Shakespeare is Bustin' Out All Over

Leigh Kennicott Reviews - Theater

Every summer, the Southland is studded with productions of the Bard’s 37 plays. They can be seen from Griffith Park’s Independent Theatre Company to Shakespeare by the Sea’s tour from Pasadena, down to Mission Viejo and from Will Geer’s Theatricum Botanicum in Topanga Canyon to the Shakespeare Festival in Santa Clarita. I guarantee you, you will have a great time watching some great performances, from seasoned veterans to budding artists. In my book, this summer you will not find a better, more intelligent production than Shakespeare By The Sea’s The Winter’s Tale.

Wisely, director Stephanie Coltrin recasts this difficult-to-produce play as a set of interconnected one-acts, with no attempt to bridge the gap between tragedy and romance that mark the two parts. Act One finds Leontes (Patrick Vest) suddenly consumed with jealousy over the friendship of his pregnant wife, Hermione (Leah Dalrymple), and his best friend, the Bohemian Polixenes (B.J. Allman). He orders her to prison, then rejects his child when she is born. Almost immediately, however, he feels remorse for his actions, and vows to spend the rest of his life in penance.

Act Two, by contrast, introduces the now grown daughter, Perdita (Allie Pratt), who was saved by faithful Paulina (Bridgid M. Rose) and whisked away to be raised in Bohemia by a lowly shepherd (Tom Killam) and his son (Jonathan Fisher). Polixenes’ son Florizel (Jonathan Cates) falls in love with Perdita at the Behemian fair, but his father tries to separate the star-crossed lovers. Thank heavens she is of high birth! Otherwise the match, which ultimately prevails, would never have been sanctioned by Elizabethan audiences.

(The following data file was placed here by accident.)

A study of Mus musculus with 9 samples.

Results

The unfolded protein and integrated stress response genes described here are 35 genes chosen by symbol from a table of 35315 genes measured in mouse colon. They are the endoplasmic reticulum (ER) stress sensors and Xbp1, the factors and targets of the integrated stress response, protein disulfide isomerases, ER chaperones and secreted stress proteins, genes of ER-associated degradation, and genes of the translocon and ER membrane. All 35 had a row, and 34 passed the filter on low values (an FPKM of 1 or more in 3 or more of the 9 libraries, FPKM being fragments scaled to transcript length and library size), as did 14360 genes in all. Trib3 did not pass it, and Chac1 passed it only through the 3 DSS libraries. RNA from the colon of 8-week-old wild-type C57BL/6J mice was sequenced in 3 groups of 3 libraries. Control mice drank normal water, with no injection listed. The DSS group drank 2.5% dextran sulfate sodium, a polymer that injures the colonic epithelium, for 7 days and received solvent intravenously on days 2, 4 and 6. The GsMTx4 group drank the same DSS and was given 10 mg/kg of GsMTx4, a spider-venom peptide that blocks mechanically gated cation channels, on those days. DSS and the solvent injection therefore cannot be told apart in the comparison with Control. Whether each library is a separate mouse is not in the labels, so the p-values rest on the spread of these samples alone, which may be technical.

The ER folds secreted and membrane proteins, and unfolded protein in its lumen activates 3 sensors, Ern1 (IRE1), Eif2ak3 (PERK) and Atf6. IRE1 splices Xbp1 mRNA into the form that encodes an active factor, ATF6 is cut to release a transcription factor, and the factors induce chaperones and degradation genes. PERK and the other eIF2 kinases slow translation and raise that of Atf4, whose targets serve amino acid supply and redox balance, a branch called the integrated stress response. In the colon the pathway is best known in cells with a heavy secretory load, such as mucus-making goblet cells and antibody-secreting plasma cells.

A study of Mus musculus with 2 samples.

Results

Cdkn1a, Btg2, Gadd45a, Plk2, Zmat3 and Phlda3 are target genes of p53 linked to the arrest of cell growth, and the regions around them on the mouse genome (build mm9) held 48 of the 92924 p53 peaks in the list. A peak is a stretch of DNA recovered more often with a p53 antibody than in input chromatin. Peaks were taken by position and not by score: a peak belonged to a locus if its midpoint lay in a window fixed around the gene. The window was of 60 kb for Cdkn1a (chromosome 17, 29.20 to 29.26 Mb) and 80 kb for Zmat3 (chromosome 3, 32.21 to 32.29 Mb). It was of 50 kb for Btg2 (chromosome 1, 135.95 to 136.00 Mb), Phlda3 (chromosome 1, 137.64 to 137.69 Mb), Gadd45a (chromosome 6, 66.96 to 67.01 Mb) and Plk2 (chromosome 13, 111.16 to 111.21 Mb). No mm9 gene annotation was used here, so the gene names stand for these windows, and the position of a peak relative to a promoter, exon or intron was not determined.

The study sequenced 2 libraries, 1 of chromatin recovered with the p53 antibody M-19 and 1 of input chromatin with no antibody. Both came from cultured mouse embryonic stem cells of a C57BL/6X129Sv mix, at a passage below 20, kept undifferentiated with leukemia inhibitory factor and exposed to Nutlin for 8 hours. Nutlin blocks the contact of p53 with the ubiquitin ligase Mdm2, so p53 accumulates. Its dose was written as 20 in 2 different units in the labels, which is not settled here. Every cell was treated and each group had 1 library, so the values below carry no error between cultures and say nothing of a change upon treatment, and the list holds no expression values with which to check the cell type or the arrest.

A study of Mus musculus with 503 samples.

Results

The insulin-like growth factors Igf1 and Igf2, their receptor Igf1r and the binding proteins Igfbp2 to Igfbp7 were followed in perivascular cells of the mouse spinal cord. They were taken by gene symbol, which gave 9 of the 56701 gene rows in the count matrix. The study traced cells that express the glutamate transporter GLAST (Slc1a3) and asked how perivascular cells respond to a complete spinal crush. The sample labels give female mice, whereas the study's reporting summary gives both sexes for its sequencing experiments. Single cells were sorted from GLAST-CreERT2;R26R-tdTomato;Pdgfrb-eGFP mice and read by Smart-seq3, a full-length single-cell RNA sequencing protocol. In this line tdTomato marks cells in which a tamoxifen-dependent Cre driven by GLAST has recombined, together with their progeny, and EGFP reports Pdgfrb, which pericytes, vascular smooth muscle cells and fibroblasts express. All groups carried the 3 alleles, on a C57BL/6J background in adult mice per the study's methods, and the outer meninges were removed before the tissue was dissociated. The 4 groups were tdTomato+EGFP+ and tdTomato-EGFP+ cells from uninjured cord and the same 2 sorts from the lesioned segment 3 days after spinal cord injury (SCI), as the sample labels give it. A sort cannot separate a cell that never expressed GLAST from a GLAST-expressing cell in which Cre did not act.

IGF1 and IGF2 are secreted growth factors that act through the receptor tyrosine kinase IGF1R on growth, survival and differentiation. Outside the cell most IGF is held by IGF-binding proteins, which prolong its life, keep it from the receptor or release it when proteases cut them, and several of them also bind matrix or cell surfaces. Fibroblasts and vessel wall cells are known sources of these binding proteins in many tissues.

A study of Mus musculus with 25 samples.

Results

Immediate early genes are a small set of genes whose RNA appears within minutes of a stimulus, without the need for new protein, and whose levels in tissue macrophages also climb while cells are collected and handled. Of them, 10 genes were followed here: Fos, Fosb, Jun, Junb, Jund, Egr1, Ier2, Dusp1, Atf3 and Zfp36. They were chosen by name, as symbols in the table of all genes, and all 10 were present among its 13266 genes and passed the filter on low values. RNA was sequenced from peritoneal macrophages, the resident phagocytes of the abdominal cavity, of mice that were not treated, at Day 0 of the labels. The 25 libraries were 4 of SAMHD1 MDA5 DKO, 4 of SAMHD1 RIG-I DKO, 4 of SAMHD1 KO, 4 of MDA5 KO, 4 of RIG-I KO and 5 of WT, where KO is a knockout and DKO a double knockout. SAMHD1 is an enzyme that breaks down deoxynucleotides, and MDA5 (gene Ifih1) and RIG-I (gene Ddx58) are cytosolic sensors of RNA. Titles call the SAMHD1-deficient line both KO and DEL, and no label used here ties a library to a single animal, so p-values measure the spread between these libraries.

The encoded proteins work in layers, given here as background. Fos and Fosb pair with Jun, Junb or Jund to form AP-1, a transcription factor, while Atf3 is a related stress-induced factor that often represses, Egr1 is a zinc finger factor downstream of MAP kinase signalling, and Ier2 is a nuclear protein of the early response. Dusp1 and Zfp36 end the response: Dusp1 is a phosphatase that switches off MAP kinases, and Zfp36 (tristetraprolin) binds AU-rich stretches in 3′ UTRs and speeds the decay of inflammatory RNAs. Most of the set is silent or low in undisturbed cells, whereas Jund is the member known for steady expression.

Aaron Jackson’s portable series of platforms festooned with floral cut-outs fit perfectly into Point Formin Park’s bandshell and allows the director to keep the action moving nimbly. Jeffrey Shoenberg’s wonderful costumes move the play from medieval times to the late 19th century, while the atmospheric, magical music reminiscent of the Harry Potter theme (and designed by Cintha Nava-Palmer) prepares us to see the play as the fairy tale it is.

For one more week, amble down to the magnificent Point Fermin Park; come early and partake of their boxed dinner (call ahead for sandwich choices), and sit back on a blanket or on the band shell benches and watch the play unfold. Or look online for Shakespeare by the Sea to appear in a city park near you.

The Winter’s Tale, with The Merry Wives of Windsor, alternates in parks throughout the South Bay and Pasadena this summer. Entrance is free. Consult the website:  for performances in your area.  Or call (310) 217-7596 for more information.